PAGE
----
Bill Geer: he dared students to join in “the battle of ideas”

Bill Geer photo
Bill Geer, as photographed for the 1980 Yackety Yack

On a clear evening he held forth about the so-called dangers of Chapel Hill–at that time the hub of all things liberal in the great north state. He was sure we had been told by the folks at home not to let all those radical University of North Carolina professors fill our heads with nonsense; and no doubt we had been warned about the dangers of dope smoke wafting across the green and other sensual pleasures that lie in wait for us. His point, in gently mocking the fears we imported with us, was that it was time we tried out some new ideas and new ways of thinking. That college should not be like the education we had engaged in to prepare us to get here. Rather, it was time to think broadly, to talk to people with whom we disagreed, to read authors sometimes banned at libraries back home, and to maybe, just maybe, hatch an original thought or two of our own.

Heady stuff. All presented with humor and the grace that only a 50 something balding man who looked like Santa Claus but talked like Marx (both Groucho and Karl) could pull off. I had to find a way to be in his classes.

An excerpt from a tribute to one-time UNC-Chapel Hill history professor William “Bill” Geer. Geer was a longtime Chapel Hill resident and fixture on the UNC campus. For many years Geer collected material on O. Max Gardner. His biography on the former North Carolina governor had not been completed when Geer died in 1999. Correspondents in the Washington, D.C. and Raleigh bureaus of N.C. Miscellany alerted us to the tribute to Geer. Its author is George Wood, principal of Federal Hocking High School in Stewart, Ohio, and executive director of the nonprofit Forum for Education and Democracy, a collaboration of educators from across the country. The tribute also appeared in a recent column in the Washington Post.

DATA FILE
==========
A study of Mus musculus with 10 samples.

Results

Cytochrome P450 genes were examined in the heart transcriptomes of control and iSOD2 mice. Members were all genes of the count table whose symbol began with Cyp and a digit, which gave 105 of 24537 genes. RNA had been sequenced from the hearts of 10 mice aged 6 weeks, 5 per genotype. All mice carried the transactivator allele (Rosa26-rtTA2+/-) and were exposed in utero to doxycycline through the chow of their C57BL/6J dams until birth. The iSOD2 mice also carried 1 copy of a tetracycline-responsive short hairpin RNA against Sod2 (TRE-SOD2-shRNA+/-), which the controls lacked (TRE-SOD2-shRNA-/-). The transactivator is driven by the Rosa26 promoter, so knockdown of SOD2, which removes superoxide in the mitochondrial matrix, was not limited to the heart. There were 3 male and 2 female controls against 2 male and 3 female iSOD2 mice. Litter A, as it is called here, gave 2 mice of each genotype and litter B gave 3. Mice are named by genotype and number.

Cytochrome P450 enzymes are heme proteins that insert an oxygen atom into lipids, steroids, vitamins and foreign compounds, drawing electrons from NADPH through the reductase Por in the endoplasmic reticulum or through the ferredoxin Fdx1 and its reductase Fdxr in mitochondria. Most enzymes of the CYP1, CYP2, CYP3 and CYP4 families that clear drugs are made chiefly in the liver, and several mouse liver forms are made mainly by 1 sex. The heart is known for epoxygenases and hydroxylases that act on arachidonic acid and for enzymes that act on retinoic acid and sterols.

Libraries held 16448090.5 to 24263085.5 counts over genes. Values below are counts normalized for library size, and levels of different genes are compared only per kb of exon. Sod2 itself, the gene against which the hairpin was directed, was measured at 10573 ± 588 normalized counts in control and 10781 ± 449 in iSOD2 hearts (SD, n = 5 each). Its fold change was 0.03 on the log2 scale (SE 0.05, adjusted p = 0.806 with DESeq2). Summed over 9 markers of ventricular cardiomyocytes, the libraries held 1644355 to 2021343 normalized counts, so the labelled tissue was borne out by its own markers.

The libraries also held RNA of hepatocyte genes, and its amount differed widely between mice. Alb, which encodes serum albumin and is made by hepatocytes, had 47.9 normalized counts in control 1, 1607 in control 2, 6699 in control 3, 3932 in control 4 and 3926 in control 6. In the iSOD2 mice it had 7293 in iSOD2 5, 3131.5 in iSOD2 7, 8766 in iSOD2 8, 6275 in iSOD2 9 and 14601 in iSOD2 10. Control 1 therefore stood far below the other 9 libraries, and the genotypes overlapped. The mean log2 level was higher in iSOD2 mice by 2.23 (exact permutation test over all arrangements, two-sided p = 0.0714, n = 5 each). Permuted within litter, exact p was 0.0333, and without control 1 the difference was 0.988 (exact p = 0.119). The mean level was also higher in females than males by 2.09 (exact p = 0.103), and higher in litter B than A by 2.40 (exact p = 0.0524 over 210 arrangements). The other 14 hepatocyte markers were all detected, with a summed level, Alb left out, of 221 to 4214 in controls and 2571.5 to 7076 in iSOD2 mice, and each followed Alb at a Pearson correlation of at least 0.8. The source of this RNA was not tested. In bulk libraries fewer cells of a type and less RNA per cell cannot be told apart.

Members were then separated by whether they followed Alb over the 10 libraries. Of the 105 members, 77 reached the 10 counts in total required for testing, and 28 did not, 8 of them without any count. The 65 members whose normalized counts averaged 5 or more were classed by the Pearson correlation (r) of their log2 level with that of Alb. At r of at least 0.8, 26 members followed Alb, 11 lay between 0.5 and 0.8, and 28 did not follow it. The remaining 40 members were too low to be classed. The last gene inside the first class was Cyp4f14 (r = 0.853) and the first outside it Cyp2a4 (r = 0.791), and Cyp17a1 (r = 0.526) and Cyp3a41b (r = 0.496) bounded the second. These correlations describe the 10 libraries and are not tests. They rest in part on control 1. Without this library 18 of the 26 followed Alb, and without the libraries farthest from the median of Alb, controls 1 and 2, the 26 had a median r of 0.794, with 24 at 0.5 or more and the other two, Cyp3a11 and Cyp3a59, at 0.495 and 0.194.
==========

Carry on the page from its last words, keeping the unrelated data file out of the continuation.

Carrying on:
On Blind Tigers

Yesterday’s @ncnewspapers headline, from the Charlotte News in 1911, read “Alleged Blind Tiger Seized.” For those of you unfamiliar with Prohibition-era jargon, the story was not about a sightless jungle animal: a “blind tiger” was another name for a speakeasy, or any place where untaxed liquor (often homemade) was sold.

I first ran across the term in the title of a fascinating pamphlet in the North Carolina Collection, “The Life of George L. Smith, North Carolina’s Ex-convict: Boldest and Bravest Blind Tiger Man, Who Has Run Blind Tigers in Nearly Every Town in North Carolina.” Smith was a compulsive bootlegger who was rarely able to evade the law, but despite frequent arrests he nearly always ended up back at the still.

I was curious about the use of the term “blind tiger” and looked through the North Carolina Newspapers collection for examples. The phrase was definitely in use well before Prohibition. The earliest example I could find was in the Elm City Elevator from April 4, 1902, which referred to a “blind tiger wagon” selling “liquor for sale by the keg, often very cheap.” The term appeared frequently in the Charlotte News from 1911 (North Carolina enacted statewide prohibition in 1908), as well is other papers from around the state during the same period. The latest use of it I found was 1945, in an issue of the Raeford News-Journal.

Visualizing Emancipation in N.C. and beyond

Screenshot of Visualizing Emancipation website

It was a singular spectacle, that immense column of every color and ever possible description, that drew out of camp on Wednesday, the 15th of March, and set out for Wilmington via Clinton. There were 4,500, mostly negroes, from my wing alone.

Major General Oliver Otis Howard to Major L.M. Dayton, Assistant Adjutant General, Military Division of the Mississippi, U.S. Army. Howard was reporting on the status of refugees who had joined with Union forces near Columbia, S.C. and were being moved from an encampment near Fayetteville.

The report is included on the website Visualizing Emancipation, produced at the University of Richmond. As the site’s creators describe it, Visualizing Emancipation “organizes documentary evidence about when, where, and how slavery fell apart during the American Civil War.” An interactive map ties the locations of “emancipation events” to excerpts describing the incidents in books, official documents, newspaper accounts, diaries and letters.